Jefferson Adams

    Celiac.com 08/06/2012 - Celiac disease seems to be on the rise in the United States, with recent population-based data suggest a sharp increase in rates over the last several decades.



    Photo: CC--Ed YourdonBut just how common is celiac disease among the healthy adult population, and what, if any, do prior illnesses have to do with it? To get a better idea of actual rates and connections, a team of researchers recently conducted a study regarding the incidence and risk of celiac disease in healthy U.S. adults.

    The research team included Mark S. Riddle, Joseph A. Murray and Chad K. Porter. For their study, they turned to data from active duty US military personnel, a largely healthy population with excellent medical diagnostic coding. The data offered a unique opportunity to spot trends in celiac disease and deployment-related risk factors.

    The team used electronic medical encounter data, from 1999–2008, on active duty US military personnel. In all, they reviewed data for over 13.7 million person-years, to conduct a matched, nested case–control study describing the epidemiology and risk determinants of celiac disease (based on ≥2 ICD-9 medical encounters).

    Using this data, they were able to estimate incidence and duration of celiac-related medical care, and to employ conditional logistic regression to evaluate celiac disease risk following infectious gastroenteritis (IGE) up to 3 years before celiac diagnosis, while controlling for other risk factors.

    They found a total of 455 incident cases of celiac disease, which they then age, gender, and time matched to 1,820 control subjects.

    They found that, from 1999 to 2008, cases of celiac disease increased five-fold from 1.3 per 100,000 to 6.5 per 100,000, with the highest rates of increase among those over 34 years of age. The average annual increase was 0.8 cases per 100,000.

    They found a total of 172 episodes of IGE, 60.5% of which were viral in nature.

    Using multivariate models, they found a strong association between IGE and celiac disease was found (Odds ratio (OR): 2.06, 95% confidence interval (CI) 1.43, 2.97). Risk generally increased with temporal proximity to, and non-viral etiology of, exposure.

    Other notable risk factors for celiac disease in multivariate models were Caucasian race (OR: 3.1, P).

    Rates of celiac disease in the US military are rising, particularly among those in the fourth and fifth decades of life and the rates seem higher than other population-based estimates.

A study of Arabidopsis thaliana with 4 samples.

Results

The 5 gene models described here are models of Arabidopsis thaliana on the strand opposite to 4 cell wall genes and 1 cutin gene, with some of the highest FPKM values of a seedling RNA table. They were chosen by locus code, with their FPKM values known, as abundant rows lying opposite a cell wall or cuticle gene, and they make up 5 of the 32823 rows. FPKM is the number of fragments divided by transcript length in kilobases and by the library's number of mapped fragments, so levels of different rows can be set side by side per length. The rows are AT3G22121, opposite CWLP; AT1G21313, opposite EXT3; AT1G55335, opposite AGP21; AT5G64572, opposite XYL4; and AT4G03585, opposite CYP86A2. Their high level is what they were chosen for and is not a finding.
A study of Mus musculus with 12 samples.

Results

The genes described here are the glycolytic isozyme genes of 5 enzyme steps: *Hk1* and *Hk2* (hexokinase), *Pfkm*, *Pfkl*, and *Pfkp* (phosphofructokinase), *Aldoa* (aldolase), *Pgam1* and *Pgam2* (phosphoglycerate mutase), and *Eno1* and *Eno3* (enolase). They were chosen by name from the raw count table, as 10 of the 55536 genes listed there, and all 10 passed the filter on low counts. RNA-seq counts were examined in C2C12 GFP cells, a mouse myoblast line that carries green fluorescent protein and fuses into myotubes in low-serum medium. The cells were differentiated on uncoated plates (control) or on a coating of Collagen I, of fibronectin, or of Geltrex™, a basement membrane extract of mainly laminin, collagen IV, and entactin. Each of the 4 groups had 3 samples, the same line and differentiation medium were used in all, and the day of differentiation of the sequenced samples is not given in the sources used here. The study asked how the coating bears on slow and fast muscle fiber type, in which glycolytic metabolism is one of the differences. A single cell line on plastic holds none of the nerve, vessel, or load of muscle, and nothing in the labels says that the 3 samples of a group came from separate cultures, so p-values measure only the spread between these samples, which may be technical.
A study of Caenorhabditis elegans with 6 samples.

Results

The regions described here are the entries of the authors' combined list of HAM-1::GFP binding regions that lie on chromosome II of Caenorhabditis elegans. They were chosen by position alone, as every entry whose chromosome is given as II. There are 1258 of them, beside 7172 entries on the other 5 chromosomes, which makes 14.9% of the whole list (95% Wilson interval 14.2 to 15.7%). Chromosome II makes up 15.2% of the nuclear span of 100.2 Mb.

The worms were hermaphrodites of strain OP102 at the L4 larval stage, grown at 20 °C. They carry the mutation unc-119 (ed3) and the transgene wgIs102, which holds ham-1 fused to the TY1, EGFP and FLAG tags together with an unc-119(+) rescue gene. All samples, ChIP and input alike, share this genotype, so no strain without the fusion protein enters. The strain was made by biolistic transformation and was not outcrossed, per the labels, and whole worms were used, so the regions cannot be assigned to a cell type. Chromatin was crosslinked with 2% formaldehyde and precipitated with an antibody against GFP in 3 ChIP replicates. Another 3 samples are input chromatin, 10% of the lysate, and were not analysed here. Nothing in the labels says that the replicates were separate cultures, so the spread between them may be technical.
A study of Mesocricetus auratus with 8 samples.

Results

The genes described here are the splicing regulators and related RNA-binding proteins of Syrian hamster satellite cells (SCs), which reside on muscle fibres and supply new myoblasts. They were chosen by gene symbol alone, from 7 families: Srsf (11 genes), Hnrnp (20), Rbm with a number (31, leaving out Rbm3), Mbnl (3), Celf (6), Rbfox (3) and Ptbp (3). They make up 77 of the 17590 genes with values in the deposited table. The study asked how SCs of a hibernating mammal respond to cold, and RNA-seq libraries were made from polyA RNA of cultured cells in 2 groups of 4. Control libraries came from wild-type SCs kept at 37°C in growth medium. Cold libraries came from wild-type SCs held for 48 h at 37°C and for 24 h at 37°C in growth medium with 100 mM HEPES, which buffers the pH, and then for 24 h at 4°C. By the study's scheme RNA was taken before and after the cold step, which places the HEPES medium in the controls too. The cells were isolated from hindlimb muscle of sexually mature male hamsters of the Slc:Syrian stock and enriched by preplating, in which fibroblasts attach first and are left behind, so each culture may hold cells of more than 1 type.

The team noted a connection between prior IGE and risk of celiac disease, but they noted that they could not rule out possible IGE misclassification, and called for further study to better determine any links between pathogen-specific exposure to celiac disease, anti-gluten antibody development or symptom onset.


    Posted

    They can declare "healthy" person, when there is no reliable test for gluten sensitivity. I am lost there! I am on gluten-free diet, however, I do not consider myself sick. Why they call it disease? Anyway, testing keep doctors busy; despite the fact that is no way to rule out gluten sensitivity.

    Any argument? I don't think so!


    Posted

    We cannot establish a valid rate on the basis of just those who happen to be lucky enough to at some point be properly diagnosed. I was diagnosed at age 47, but in retrospect I realized the condition had plagued me my entire life... including a 4 year hitch in the U.S. NAVY. I read somewhere shortly after my way-late diagnosis that in Italy, children are tested for celiac sprue when they start school. Sure you say... the condition is much more prevalent in Europe. Hey! We nearly all have a heredity line from Europe. Most U.S. celiacs go undiagnosed for decades, while the auto-immune reactions are slowly destroying their health. Yes, it gets my goat!


    Jefferson Adams is a freelance writer living in San Francisco. He has covered Health News for Examiner.com, and provided health and medical content for Sharecare.com. His work has appeared in Antioch Review, Blue Mesa Review, CALIBAN, Hayden's Ferry Review, Huffington Post, the Mississippi Review, and Slate, among others.